The subtitle of this Weblog, as you can see on the banner, is: What it’s really like to get older. The intent is, over time and from differing angles and points of view, to shine a bright, clear light on what has been a public secret for as long as I’ve been alive.
For years I have tried to find good writing on growing old. I wanted to know what would happen to me physically, intellectually, socially, and in general, what to expect in my later years. But I could find nothing that was not insulting, sentimental or just plain silly. Realizing, after a time of searching, that the writing does not exist was the genesis of timegoesby.net: if no one else would write about getting old, then I would do it myself.
That is not to say there is no writing at all on aging. There are thousands of books on aging – exactly, as I write this, 60,096 at amazon.com. A large number of them have the phrase “anti-aging” in the title, about which Crabby Old Lady will have something to say in the not too distant future.
Meanwhile, there are a small number of books that soar in regard to understanding what it's like to get older and you should know about them. Herewith then is the inaugural TGB Book List which contains the best, and only the best of the lot. It will reside permanently on the left rail of the blog, and will be added to only when excellence dictates. Here are the first four.
The Last Gift of Time: Life Beyond Sixty
By Carolyn G. Heilbrun
Part of the brilliance of this book is that it is not about getting older, it is about being older. From the scholar, feminist essayist and author of the Kate Fansler mystery series (under the pseudonym Amanda Cross), The Last Gift of Time is filled with wisdom and reflections that can be used to illuminate one’s own passage into older age. Again and again, she speaks of the kinds of insights I had been seeking for so long:
“The greatest oddity of one’s sixties is that, if one dances for joy, one always supposes it is for the last time. Yet this supposition provides the rarest and most exquisite flavor to one’s later years. The piercing sense of ‘last time’ adds intensity, while the possibility of ‘again’ is never quite effaced.”
The Summer of a Dormouse: Another Part of Life
By John Mortimer
Former barrister, playwright, screenwriter and novelist, John Mortimer is best-known in the U.S. as the author of the books on which the BBC-TV series, Rumpole of the Bailey is based. The Summer of a Dormouse is the third volume of his autobiography/memoir. Sometimes, when I want a good laugh about growing old, I pull out this book and read the first two paragraphs:
“The time will come in your life, it will almost certainly come, when the voice of God will thunder at you from a cloud. ‘From this day forth thou shalt not be able to put on thine own socks.’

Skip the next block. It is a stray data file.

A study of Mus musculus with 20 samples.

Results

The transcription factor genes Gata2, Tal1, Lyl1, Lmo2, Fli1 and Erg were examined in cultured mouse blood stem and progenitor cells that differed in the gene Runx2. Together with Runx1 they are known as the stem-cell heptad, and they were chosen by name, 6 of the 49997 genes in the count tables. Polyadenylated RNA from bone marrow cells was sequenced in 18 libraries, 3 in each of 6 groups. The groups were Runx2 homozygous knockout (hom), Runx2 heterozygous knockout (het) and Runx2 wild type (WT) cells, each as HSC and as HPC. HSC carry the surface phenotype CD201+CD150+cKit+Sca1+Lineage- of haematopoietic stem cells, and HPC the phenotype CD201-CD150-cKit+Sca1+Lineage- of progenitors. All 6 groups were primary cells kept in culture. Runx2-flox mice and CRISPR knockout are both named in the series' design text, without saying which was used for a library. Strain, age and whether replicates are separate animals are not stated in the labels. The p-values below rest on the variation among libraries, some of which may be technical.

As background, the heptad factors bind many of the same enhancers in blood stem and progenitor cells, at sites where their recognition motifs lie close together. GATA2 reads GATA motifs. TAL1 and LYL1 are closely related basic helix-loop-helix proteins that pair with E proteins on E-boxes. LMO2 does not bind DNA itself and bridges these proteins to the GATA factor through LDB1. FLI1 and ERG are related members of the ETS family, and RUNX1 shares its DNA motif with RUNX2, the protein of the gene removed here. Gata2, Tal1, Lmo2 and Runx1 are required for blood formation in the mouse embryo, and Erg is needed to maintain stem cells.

“To the young, to the middle-aged, even, this may seem a remote and improbable accident that only happens to other people. It has to be said, however, that the day will most probably dawn when your pale foot will wander through the air, incapable of hitting he narrow opening of a suspended sock. Those fortunate enough to live with families will call out for help. The situation is, in minor ways, humiliating and comical.”
Still Here: Embracing Aging, Changing, and Dying
By Ram Dass
The man who taught some of us thirty-odd years ago how to Be Here Now is back to show us how getting older is another opportunity for spiritual growth and understanding. As always, in his patience, humor, humanity, clarity and lovingkindness, Ram Dass is just far enough ahead of the rest of us in the journey to be able to show us the way.
“…here’s the paradox, the secret of spiritual practice is that our limits may become our strengths if we learn to work with them skillfully. Similarly, as our bodies slow down, we can use this change to increase our mindfulness.”
The Merck Manual of Health & Aging
By Mark H. Beers, M.D. [Editor]
I have reviewed this medical reference before and it only gets better with use. The writing is clear and easily understandable by a layman. It is informative, useful and places a good, strong emphasis on prevention.
“Pessimists might see an effort to prevent health problems in older people as an attempt to ‘close the barn door after the horse is already out.’ These pessimists think preventive measures pointless once a person has reached old age. Although beginning at an early age is best, it is probably never too late to start on the road to prevention.”
There are other books on getting older that are good, better and a few excellent. The best of those will be added in time, but slowly, with careful consideration.